Early into the spring semester, the residents of 207 E. Poplar Street hung a rainbow flag on their porch.
They called themselves the Halfway House, as three of the six residents are gay.
The flag lasted a little over month; it was ripped down over spring break.
Senior Brandon Peters was the only resident on campus at the time. He was working at Printing Services for the week. After work on Monday, Peters returned home and noticed something odd.
“I came back and there was a cup of liquid that hasn’t been here before that was splattered all over the floor,” Peters said. “I’m assuming someone just chucked it out our house during the day. …Someone was aggressively pounding on that door for about five seconds.”
Peters went to his room and called Public Safety. He said the dispatcher suggested that he take the flag down for his safety. He stayed with a friend who was also on campus.
Peters returned to his house the next day and noticed the flag was gone.
“It was ripped," he said. "Some of the rings were still hanging, so it was clearly just yanked off.”
He wasn’t sure when exactly the flag was torn down. Peters said that Public Safety called him that Friday and apologized for not doing enough that night.
“We all felt very helpless,” said resident and senior Hannah Viti.
Unfortunately, this wasn’t the first incident at the Halfway House.
A week before spring break, Viti heard a man screaming hate speech for several minutes outside their house around two in the morning. Their doors were unlocked.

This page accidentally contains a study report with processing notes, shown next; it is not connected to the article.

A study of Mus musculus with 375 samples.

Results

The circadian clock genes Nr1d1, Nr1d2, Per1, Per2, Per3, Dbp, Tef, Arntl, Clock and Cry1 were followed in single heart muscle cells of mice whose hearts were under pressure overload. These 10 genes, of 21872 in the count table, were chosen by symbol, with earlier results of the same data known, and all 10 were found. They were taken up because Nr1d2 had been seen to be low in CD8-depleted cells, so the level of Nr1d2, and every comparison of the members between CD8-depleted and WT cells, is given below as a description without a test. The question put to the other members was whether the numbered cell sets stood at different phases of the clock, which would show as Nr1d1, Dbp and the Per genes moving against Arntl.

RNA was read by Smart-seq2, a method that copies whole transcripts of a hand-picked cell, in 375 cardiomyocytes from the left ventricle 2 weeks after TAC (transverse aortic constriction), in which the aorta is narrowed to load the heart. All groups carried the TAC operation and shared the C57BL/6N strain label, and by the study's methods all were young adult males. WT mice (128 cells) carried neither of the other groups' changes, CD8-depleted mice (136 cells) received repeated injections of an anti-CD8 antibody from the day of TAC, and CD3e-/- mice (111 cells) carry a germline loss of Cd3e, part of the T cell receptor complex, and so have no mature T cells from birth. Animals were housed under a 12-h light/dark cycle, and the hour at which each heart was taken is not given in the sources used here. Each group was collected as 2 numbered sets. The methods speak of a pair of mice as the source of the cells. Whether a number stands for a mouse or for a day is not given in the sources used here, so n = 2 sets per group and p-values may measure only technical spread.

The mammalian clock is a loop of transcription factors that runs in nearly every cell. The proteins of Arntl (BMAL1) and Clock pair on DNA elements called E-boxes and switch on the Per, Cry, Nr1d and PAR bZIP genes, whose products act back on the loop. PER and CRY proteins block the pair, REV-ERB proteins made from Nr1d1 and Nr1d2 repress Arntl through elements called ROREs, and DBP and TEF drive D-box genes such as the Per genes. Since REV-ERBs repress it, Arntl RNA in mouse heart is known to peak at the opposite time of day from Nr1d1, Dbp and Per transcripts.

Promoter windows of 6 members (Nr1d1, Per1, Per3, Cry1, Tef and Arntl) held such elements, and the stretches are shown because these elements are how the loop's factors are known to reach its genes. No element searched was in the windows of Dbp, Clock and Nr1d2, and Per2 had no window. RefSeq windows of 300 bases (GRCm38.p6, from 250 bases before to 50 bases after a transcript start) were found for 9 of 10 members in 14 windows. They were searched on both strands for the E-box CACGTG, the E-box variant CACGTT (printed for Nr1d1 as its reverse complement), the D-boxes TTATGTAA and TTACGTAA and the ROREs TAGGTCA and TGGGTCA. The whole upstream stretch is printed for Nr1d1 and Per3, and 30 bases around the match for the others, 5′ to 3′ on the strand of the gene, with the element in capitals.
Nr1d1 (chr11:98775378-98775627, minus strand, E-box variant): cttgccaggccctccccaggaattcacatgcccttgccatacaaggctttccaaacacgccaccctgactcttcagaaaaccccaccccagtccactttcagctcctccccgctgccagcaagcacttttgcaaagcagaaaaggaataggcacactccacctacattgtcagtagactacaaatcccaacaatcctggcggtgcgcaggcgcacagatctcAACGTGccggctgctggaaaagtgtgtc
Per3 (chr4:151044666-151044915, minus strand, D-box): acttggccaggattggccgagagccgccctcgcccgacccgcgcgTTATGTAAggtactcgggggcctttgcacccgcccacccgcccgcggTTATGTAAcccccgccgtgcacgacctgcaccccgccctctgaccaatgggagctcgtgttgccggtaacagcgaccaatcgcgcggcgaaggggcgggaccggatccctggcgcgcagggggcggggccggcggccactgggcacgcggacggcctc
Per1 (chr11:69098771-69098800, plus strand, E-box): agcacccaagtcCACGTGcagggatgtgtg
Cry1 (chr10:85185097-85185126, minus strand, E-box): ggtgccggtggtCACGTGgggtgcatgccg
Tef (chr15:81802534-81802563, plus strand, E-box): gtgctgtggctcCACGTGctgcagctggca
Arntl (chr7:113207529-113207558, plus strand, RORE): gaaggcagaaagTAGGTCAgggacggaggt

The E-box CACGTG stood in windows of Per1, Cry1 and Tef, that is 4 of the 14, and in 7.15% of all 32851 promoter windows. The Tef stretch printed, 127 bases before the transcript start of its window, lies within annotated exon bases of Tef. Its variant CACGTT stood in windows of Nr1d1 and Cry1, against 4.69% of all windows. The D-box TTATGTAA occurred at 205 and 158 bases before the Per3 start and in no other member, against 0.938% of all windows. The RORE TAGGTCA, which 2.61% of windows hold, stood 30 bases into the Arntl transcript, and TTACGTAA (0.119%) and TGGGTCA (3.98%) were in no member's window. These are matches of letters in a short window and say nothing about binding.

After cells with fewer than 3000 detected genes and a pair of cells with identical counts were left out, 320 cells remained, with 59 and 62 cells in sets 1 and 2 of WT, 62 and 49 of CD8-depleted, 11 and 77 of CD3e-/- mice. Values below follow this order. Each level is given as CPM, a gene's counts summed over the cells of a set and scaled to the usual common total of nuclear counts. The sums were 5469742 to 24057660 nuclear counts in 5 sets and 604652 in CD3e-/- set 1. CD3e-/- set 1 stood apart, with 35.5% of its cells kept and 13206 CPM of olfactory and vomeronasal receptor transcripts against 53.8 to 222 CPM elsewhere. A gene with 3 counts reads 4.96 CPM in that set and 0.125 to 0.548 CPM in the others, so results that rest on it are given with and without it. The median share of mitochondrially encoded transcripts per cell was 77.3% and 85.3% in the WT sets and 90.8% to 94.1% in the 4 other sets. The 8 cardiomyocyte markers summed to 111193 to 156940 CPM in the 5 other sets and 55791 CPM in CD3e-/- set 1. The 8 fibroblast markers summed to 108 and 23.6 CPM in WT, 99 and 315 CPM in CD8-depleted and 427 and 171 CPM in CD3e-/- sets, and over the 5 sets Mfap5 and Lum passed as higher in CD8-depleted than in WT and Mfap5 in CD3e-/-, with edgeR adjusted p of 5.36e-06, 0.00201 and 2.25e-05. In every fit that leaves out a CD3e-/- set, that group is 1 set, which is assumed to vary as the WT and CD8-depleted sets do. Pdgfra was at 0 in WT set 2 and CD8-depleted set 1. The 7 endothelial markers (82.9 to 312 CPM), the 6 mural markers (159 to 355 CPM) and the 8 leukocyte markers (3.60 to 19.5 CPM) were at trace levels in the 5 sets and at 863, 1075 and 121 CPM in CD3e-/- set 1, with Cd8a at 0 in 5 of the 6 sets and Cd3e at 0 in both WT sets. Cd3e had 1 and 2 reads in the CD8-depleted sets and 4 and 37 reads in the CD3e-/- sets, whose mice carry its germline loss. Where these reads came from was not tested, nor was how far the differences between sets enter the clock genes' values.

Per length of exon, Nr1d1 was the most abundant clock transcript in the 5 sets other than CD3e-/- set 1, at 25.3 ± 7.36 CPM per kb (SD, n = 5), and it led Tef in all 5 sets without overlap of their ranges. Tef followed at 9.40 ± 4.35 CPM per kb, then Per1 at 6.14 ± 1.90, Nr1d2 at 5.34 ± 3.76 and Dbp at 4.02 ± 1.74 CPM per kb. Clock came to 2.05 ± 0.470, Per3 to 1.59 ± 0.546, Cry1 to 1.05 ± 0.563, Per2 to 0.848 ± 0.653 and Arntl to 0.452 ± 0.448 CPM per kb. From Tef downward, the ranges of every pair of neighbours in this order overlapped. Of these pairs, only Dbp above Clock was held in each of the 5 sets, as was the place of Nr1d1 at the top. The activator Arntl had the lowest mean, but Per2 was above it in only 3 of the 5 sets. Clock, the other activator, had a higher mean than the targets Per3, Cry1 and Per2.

Sophomore Diamond McDonald, also a resident, explained an event that took place in February around 10 a.m. She was sitting on the porch when she heard voices say, “Hey, black person.” McDonald realized these were children talking to her. She said they continued to antagonize her, even saying “That’s why your mother’s black.”
After reporting what happened during spring break, the residents received many responses from Public Safety and other campus officials.
“We got like five emails,” said Peters.
“It was definitely an outpour of administration caring,” added Viti.
“They want to emphasize that our safety is their main priority,” McDonald said. “When they were here, they were like, do you need anything fixed up? They’re getting locks for the window. They’re going to replace the lights and make sure all the locks in the doors are working. I feel like they are really focused on us being safe.”
“It’s frustrating because we live right by Marvin’s and the public library,” said resident and senior Olivia Traynor, “so there’s a lot of traffic from the Greencastle community.”
“The majority of the traffic around this area is Greencastle residents,” said Peters. “We don’t really interact with the student body.”
But there is only so much Public Safety can do, since no cameras caught the perpetrators in the act and determing the culprit is likely to be very difficult.
“It’s really hard to say who did it,” Traynor said. “It’s kind of scary because if it was the community, how do we handle that? I don’t think it’s a student.”
Director of Public Safety Angela Nally said in an email that they were willing to face a camera on the flag if the residents continue to be antagonized, and that they have initiated extra patrols around their house.
“I think we’re definitely going to hang a flag,” said Viti, “maybe two of them.”